Hilary Hahn is the quirky virtuoso. • Sure, Hahn is one of the world's great violinists, a former child prodigy who made her debut at age 11 with the Baltimore Symphony, signed a major record deal at 16 and has put out 14 albums (including a pair of Grammy winners for concertos of Brahms, Stravinsky, Schoenberg and Sibelius) on the Sony Classical and Deutsche Grammophon labels. She once said she had played some solo Bach every day since she was 8. • On Wednesday, Hahn and pianist Cory Smythe give a recital at the Straz Center, mixing and matching works by Bach, Corelli and Fauré with a series of encores that the violinist commissioned. • But for all her intense concentration in performance, Hahn, now 33, is a free spirit. On Twitter, for instance, she posts in the persona of her violin case (@violincase): "Dispatches from the snitch that is international violinist Hilary Hahn's instrument case. Rants, raves, snippets, tidbits, insider info — the full case study." • "Hilary and I love New Mexico! Sun! Clear air! (Neither of which I can take advantage of, but they look pretty.) Nice breeze! Warmth!" read a recent tweet. • So what's up with the violin case?
"I think it's nice to have a different perspective, and the violin case does that," Hahn said in an interview last week. "It's not always my opinion. The violin case is not me. It has its own take on what's going on."
The violinist gets her say on her website (hilaryhahn.com), where she writes entertainingly about life as a touring artist. On YouTube she has posted many videos, most of them more or less conventional (interviews with musicians she plays with, for example), but also plenty that are delightfully loopy.
A favorite: "Hilary Hahn Interviews a Betta," in which she conducts a one-sided Q&A with a tropical fish in a tank ("So, what made you decide to become a fish"), a droll spoof, I presume, of the many interviews the violinist does. (The fish is silent.)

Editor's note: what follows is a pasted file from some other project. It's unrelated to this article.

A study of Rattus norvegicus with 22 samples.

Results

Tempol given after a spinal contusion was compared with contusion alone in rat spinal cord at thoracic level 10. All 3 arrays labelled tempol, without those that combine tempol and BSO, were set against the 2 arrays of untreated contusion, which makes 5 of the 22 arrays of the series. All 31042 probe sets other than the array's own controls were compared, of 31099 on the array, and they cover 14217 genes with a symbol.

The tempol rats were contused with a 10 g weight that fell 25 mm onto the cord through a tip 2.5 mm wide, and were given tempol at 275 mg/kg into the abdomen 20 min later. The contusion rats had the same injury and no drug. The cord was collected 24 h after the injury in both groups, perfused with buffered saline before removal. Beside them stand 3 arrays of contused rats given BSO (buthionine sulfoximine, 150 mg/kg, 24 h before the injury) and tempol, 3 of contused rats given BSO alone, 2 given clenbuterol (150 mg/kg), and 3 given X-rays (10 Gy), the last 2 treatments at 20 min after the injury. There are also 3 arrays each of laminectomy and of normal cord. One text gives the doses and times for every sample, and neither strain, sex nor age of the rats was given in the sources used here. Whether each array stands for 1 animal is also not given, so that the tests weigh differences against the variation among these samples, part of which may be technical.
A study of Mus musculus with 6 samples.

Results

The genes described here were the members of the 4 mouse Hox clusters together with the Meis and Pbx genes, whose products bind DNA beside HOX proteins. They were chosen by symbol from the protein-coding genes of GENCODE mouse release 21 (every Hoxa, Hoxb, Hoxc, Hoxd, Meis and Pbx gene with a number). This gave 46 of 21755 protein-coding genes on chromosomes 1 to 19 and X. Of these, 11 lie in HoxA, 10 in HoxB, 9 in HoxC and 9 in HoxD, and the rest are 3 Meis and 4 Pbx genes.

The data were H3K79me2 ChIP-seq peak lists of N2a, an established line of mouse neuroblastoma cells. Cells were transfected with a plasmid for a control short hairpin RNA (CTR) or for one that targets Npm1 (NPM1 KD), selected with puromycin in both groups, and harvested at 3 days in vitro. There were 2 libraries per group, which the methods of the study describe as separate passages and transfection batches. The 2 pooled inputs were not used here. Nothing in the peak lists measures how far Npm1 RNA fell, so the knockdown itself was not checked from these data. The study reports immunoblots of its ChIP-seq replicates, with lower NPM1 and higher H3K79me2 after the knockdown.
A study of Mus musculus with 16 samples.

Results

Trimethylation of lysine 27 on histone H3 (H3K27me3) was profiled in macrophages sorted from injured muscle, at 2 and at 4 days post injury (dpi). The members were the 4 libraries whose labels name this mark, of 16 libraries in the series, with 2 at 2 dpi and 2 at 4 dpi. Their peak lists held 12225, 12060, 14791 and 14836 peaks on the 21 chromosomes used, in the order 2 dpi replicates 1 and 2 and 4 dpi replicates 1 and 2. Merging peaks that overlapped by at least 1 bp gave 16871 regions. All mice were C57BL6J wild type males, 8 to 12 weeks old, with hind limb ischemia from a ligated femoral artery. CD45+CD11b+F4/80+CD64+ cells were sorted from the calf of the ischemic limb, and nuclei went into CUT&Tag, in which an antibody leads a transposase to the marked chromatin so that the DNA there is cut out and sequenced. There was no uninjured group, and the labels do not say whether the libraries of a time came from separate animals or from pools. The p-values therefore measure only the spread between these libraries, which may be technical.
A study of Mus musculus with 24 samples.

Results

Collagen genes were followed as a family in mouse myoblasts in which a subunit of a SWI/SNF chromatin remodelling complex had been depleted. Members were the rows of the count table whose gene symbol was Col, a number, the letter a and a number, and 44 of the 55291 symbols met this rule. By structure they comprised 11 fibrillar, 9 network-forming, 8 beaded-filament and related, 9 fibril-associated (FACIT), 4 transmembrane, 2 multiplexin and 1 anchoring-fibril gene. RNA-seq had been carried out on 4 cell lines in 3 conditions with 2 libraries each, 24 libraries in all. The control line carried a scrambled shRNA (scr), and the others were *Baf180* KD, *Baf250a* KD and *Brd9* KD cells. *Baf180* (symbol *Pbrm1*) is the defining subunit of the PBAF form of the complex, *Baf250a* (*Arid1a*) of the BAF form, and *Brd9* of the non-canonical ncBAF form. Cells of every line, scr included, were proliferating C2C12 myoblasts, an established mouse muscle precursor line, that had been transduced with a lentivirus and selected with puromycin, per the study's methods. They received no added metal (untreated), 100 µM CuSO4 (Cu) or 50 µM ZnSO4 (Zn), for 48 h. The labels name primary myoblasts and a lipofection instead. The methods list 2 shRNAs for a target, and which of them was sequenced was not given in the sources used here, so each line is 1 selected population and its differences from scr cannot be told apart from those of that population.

Hahn frequently takes a kind of cinema verite approach, uploading videos of everyday events that capture her fancy, such as a car being towed in Rio de Janeiro, a rainy day in Door County, Wis., a boy playing accordion on the street in Bremen, Germany, and fans photographing the violinist in Seongnam, South Korea.
"I have a laptop and my phone, that's it," Hahn said. "The Internet makes it easy, though sometimes on the road I'll go weeks without a good connection from one hotel to the next. It can be really hard to post the videos."
Hahn has done interviews on YouTube with many of the 27 composers who responded to her request to write encores, short works for violin and piano. At the Straz, she will be playing several of these by James Newton Howard, Richard Barrett, David Del Tredici, Mark-Anthony Turnage, Valentin Silvestrov and others.
Silfra is Hahn's latest CD, and it is a sharp departure from the classical repertoire that she typically plays, though she has performed with the likes of alt-country singer-songwriter Josh Ritter and folk singer Tom Brosseau. With 12 tracks of improvisation, it's the culmination of her two-year collaboration with Volker Bertelmann, a German pianist who goes by the name Hauschka and plays his instrument "prepared" with things like pingpong balls on the strings to make new sounds, an approach pioneered by John Cage. They recorded it in Iceland with Valgeir Sigurosson, a producer who has worked with Bjork.
"We made the whole thing in 10 days," Hahn said. "It was completely improvised. I was curious about what it was like to start from nothing and create something with someone. We didn't start with the intention of recording at all. We thought we might end up with an EP. It was more like a musical creativity conversation. But when we went into the studio, we ended up with a lot of material in just a few days. We started narrowing it down and realized we had a record."
Silfra is kind of hit or miss, but several of the pieces — say, Godot, the longest, at about 13 minutes, or Clock Winder — have the odd, mesmerizing, haunting quality of something fresh. Hahn acknowledged that it is a long way from the Bach, Corelli and Fauré she is playing on her tour, but for her the music is all connected.
"It's really enriching, and I bring everything I learn there back into the classical music I do and the creative process of interpreting it," she said. "In the performance sense, I find that interpretation is improvisatory in nature. You can go anywhere with an interpretation on any given day."
John Fleming can be reached at [email protected] or (727) 893-8716.